Over the years, Defence Secretary Robert Gates has served in a variety of capacities in national security for administrations of both parties. He has been a steady hand and he will be sorely missed.
But his intention to leave this year was well-known. What was surprising about Wednesday's news was the sweeping nature of the national-security shuffle President Barack Obama is expected to be announced:
CIA Director Leon Panetta will take Gates' place at the Pentagon. David Petraeus, the top general in Afghanistan, will take Panetta's place at the CIA. Ryan Crocker, U.S. ambassador to Iraq during the tumultuous years of the troop surge, will become ambassador to Afghanistan.
The return of Crocker to government service is perhaps the most encouraging aspect of all this. He and Petraeus worked as a highly effective team in leading the effort that turned around the Iraq war.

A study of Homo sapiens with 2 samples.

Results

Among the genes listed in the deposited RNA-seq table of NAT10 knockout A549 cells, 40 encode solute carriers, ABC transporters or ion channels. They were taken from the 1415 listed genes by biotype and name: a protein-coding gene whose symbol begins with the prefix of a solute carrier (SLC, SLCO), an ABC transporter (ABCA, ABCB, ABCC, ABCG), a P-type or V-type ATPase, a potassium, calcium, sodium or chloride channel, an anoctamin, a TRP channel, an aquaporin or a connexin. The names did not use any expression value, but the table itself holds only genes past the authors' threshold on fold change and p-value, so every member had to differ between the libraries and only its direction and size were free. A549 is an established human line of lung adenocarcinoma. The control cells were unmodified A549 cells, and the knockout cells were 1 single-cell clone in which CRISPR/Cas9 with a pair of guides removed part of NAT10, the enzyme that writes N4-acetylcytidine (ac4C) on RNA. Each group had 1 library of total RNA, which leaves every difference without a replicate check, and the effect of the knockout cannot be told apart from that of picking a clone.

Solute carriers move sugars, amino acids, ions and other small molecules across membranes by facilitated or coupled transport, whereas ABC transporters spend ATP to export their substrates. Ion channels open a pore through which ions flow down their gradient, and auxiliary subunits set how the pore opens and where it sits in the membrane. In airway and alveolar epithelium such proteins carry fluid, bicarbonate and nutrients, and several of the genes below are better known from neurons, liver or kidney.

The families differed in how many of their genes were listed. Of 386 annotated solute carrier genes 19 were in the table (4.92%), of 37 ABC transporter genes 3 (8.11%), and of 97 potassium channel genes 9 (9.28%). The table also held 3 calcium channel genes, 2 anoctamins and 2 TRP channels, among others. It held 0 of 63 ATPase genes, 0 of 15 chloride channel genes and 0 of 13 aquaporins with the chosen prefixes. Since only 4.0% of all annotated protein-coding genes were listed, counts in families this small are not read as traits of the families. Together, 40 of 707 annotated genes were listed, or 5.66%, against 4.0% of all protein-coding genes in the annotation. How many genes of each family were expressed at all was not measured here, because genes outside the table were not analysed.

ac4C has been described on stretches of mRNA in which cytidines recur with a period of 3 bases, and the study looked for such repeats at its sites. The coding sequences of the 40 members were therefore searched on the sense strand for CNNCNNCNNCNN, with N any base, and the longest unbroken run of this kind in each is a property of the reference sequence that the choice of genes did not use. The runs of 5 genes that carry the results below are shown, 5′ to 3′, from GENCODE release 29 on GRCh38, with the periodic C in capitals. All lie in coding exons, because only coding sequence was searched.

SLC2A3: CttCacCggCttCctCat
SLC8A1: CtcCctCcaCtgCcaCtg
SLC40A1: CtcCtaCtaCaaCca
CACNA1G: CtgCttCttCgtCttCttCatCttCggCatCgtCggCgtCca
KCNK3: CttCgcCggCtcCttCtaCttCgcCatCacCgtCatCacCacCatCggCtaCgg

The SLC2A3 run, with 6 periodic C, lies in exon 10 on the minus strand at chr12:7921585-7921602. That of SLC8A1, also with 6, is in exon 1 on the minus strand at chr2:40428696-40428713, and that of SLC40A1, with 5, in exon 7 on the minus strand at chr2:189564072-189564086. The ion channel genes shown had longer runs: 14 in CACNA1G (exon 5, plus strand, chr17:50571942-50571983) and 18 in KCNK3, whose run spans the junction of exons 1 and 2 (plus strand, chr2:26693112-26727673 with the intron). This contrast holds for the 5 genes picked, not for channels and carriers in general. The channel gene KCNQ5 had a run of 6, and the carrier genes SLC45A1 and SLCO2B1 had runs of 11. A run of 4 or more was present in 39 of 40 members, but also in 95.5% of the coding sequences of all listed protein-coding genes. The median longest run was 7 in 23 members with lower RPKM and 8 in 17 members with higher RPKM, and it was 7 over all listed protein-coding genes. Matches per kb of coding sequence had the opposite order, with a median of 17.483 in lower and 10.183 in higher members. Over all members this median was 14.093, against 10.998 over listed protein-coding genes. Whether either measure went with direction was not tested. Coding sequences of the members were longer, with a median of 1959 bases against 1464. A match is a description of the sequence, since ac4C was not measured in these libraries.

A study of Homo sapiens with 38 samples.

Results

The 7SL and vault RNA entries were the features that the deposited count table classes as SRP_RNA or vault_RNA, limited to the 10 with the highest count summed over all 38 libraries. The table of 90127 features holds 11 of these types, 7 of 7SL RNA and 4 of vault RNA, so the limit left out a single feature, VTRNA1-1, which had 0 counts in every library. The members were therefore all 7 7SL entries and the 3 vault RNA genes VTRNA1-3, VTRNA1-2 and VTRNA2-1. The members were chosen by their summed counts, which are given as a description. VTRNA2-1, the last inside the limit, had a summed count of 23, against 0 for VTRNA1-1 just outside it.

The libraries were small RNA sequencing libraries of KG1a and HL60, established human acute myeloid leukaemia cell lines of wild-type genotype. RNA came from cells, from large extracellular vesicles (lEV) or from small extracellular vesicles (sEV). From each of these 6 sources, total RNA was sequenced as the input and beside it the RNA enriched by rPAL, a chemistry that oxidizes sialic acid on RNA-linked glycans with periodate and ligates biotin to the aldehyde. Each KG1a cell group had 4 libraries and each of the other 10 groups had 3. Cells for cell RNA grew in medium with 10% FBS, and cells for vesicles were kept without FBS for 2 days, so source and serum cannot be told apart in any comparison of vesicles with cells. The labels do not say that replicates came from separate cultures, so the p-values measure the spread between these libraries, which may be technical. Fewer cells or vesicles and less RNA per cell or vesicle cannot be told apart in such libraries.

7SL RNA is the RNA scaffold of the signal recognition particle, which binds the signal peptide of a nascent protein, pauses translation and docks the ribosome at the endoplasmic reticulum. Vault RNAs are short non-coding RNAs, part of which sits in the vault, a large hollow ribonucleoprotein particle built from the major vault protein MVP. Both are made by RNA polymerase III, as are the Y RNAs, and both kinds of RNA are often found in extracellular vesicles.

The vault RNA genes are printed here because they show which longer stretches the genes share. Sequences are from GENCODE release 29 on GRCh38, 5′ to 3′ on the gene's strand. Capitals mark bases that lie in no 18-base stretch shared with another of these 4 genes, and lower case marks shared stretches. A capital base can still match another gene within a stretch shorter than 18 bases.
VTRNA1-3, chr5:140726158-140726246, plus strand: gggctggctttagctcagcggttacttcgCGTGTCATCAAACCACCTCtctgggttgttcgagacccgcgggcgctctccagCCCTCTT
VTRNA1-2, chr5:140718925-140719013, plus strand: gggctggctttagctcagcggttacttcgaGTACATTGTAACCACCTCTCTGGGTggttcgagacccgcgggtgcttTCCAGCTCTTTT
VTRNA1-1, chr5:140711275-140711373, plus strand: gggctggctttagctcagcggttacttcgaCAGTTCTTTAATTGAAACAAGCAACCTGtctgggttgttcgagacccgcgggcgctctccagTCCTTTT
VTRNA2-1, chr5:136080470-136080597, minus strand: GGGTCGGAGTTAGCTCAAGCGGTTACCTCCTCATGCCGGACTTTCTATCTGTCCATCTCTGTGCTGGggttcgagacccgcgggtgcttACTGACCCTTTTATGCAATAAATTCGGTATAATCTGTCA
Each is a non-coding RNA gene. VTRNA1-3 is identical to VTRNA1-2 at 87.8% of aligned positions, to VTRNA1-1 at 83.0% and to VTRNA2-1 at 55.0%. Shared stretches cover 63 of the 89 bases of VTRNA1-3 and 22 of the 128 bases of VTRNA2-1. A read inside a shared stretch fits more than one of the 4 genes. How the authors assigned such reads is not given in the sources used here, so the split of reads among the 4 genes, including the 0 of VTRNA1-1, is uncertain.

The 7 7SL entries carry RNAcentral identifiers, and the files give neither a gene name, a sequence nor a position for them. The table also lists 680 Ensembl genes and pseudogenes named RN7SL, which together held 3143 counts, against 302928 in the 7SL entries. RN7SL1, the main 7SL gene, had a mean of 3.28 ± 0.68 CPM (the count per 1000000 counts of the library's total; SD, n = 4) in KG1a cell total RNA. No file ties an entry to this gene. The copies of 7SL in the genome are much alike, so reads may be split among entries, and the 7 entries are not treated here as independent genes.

The White House hopes 2011 will be a decisive year in Afghanistan. Crocker's presence will help make that more possible. Petraeus' departure is more worrisome, given his record in Iraq and the recent glimmers of progress in Afghanistan.
At 72, Panetta will be the oldest-ever incoming Pentagon chief, but as a former head of the Office of Management and Budget he brings a detailed knowledge of the defence budget. He is expected to follow through on Gates' procurement and budget reforms.
Since he came into office, Obama has followed a centrist path on national security. It's a welcome sign that his latest shuffle -- in which seasoned, level-headed individuals are replaced by seasoned, level-headed individuals -- shows his determination to remain on that path.